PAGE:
Cuban blogger Ernesto Vera Rodriguez thought he had a scoop: Exiles in Miami had cut off funds to the island’s most active opposition group in recent months, the Cuban Patriotic Union, UNPACU.
But the report was a fake, concocted by UNPACU leaders in a rare effort to unmask government agents infiltrated into the ranks of the opposition. And Vera, who claims to be a dissident, was the first to publish it. But he insists that he has no connection with State Security.
“It was a hook, to see who would bite,” said Luis Enrique Ferrer, UNPACU’s Miami representative and brother of José Daniel Ferrer, who heads the opposition group from his home in the eastern Cuban town of Palmarito de Cauto.
More importantly, Luis Enrique Ferrer added, the fishing expedition was also an attempt to hit back at State Security, the branch of the Interior Ministry that monitors, harasses, intimidates and arrests dissidents.
State Security agents have repeatedly infiltrated and at times even created opposition groups to disrupt their plans, embarrass their leaders and sow mistrust.
Infiltrators “cause more damage within the opposition than even the active repression,” said Luis Enrique Ferrer. “They are more damaging because they create mistrust and discredit the opposition inside the country.”
The Ferrer brothers’ scam was revealed Friday by Cuban journalist Michel Suarez in Diario de Cuba (Cuba Diary), a Web page based in Spain.
El Nuevo Herald spoke to the people involved and confirmed the details in Suarez’s story.
Luis Enrique Ferrer told El Nuevo that he and his brother arranged the sting using secret email accounts and a code they developed when they were held in separate prisons from 2003 to 2010.
Then in mid-September they talked about the fake report over a telephone line. It went like this: The Cuban American National Foundation (CANF) had stopped its financial support for UNPACU in favor of the dissident Ladies in White.
They were certain that State Security agents would listen in on all of their conversations.
About three days later, on Sept. 17, Vera posted the report on his eponymous blog. “It is not a rumor; it is not a joke. This information was confirmed by various people, all of them human rights activists with access to CANF leaders,” he wrote.
Vera, who lives in Santiago de Cuba, near Palmarito de Cauto, insists he obtained his “completely true” report from “reliable sources.”
“I don’t have any type of link with State Security,” he told El Nuevo Herald Friday by phone from Cuba.
At the same time Vera published his “scoop,” State Security Maj. Luis Plutín, in charge of the Santiago region, began telling area dissidents that CANF would no longer provide them with assistance, said José Daniel 0Ferrer.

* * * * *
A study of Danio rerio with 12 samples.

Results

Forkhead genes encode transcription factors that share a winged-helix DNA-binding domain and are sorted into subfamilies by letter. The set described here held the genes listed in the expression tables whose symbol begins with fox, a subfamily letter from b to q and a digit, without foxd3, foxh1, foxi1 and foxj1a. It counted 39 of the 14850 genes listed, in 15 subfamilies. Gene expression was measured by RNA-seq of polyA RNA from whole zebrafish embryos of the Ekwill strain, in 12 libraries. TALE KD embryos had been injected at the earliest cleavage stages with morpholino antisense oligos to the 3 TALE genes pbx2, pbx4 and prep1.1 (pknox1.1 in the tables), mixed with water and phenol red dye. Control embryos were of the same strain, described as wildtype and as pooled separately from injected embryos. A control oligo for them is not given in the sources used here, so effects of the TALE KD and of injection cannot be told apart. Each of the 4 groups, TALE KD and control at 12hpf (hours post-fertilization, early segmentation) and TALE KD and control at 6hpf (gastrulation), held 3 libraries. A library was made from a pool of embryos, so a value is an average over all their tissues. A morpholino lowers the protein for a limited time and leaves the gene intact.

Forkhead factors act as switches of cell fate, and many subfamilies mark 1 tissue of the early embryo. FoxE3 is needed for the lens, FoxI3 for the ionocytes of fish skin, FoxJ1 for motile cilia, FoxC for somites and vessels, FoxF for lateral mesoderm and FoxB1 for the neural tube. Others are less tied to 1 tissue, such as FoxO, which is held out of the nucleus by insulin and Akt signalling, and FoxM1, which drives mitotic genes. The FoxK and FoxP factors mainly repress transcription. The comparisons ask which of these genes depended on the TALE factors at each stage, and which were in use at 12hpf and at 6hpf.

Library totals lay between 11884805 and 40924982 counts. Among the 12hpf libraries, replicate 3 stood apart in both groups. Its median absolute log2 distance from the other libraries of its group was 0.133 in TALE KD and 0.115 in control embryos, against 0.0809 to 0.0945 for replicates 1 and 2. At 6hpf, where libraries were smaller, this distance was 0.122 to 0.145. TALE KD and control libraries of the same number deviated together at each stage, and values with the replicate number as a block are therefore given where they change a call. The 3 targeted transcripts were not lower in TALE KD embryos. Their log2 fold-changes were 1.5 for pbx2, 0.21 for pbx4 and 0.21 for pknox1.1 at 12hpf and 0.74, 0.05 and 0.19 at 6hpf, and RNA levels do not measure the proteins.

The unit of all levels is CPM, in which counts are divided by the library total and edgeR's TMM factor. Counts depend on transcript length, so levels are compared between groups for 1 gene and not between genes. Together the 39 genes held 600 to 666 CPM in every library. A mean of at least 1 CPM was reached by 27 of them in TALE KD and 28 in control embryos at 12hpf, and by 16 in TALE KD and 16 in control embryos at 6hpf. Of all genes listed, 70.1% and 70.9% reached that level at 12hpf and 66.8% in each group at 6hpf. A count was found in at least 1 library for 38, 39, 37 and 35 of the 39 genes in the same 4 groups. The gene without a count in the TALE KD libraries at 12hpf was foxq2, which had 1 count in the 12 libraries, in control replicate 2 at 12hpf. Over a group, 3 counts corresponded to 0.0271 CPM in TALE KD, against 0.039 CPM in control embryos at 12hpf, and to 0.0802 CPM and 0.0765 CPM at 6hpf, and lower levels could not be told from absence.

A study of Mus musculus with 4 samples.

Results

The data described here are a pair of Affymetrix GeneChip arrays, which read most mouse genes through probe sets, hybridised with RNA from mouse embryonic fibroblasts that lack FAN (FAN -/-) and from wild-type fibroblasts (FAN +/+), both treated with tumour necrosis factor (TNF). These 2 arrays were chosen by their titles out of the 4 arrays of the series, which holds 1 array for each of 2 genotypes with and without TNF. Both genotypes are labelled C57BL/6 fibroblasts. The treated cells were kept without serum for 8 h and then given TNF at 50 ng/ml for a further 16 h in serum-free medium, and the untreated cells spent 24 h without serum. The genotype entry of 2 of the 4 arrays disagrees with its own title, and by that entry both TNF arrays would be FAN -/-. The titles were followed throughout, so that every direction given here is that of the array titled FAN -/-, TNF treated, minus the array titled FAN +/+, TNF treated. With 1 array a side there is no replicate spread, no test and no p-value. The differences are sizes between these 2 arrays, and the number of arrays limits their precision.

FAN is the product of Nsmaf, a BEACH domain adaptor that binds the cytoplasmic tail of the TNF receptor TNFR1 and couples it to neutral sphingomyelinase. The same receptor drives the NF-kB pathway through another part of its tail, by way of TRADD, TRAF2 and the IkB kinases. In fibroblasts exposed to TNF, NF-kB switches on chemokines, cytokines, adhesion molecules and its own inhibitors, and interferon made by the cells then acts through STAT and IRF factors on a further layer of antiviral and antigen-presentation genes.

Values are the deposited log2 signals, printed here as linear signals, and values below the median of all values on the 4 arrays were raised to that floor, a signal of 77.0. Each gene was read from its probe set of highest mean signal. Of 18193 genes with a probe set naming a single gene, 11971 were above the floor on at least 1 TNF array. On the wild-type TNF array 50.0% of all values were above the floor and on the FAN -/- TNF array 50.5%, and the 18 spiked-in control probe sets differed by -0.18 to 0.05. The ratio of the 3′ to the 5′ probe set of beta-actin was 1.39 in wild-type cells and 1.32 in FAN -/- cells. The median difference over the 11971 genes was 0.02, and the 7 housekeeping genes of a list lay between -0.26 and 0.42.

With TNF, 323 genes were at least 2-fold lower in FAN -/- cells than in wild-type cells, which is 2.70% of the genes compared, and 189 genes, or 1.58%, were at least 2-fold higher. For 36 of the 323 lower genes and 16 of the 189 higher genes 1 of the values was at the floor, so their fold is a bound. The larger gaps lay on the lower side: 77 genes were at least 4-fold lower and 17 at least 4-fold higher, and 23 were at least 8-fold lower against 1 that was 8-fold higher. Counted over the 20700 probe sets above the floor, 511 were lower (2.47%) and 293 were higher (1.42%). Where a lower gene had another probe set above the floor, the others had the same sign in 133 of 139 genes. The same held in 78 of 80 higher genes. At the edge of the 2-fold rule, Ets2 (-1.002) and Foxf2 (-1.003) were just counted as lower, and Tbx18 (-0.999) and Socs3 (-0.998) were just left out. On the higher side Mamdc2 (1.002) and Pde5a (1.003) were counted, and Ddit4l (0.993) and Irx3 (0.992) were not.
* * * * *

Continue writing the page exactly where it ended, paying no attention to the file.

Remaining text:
Omar Lopez Montenegro, who handles human rights issues for CANF, said there was no truth at all to Vera’s report. “He got that information from the intelligence services of Cuba,” Lopez said. “The assistance is being maintained.”
The Ferrers were not surprised that Vera, a lawyer in his early 30s, bit on their bait because they have denounced him as an infiltrator many times over the past year or so.
Although he sometimes criticizes the government, the vast majority of Vera’s blog posts attack UNPACU, José Daniel Ferrer and the Ladies in White.
Luis Enrique Ferrer also noted there were others who echoed Vero’s report.
Percy Alvarado Godoy, confirmed by the Cuban government as an intelligence agent who infiltrated CANF in the 1990s, wrote in his blog on Sept. 20 that Vero’s report showed the “terrorist” CANF had broken with the “delinquent” José Daniel Ferrer.
In Miami, Edmundo Garcia, who runs the pro-Castro blog La Tarde se Mueve (The Afternoon Moves) also repeated the Vera report. So did Aldo Rosado-Tuero, of the blog Nueva Accion (New Action). He is a harsh critic of both the Cuban government and dissidents.
“It was like they were in the same orchestra, playing the same rhythm,” said Luis Enrique Ferrer.
UNPACU, currently the most visible and pugnacious of Cuba’s dissident movements, has been targeted for several destabilization efforts by government agents in recent months.
Sentenced to 25 years in prison in 2003, José Daniel Ferrer was freed in 2011 following talks between Cuban President Raúl Castro and Cardinal Jaime Ortega. While most of the more than 100 other political prisoners freed at that time, including his brother, went directly from prison to exile in Spain, Ferrer stayed in Cuba and founded UNPACU.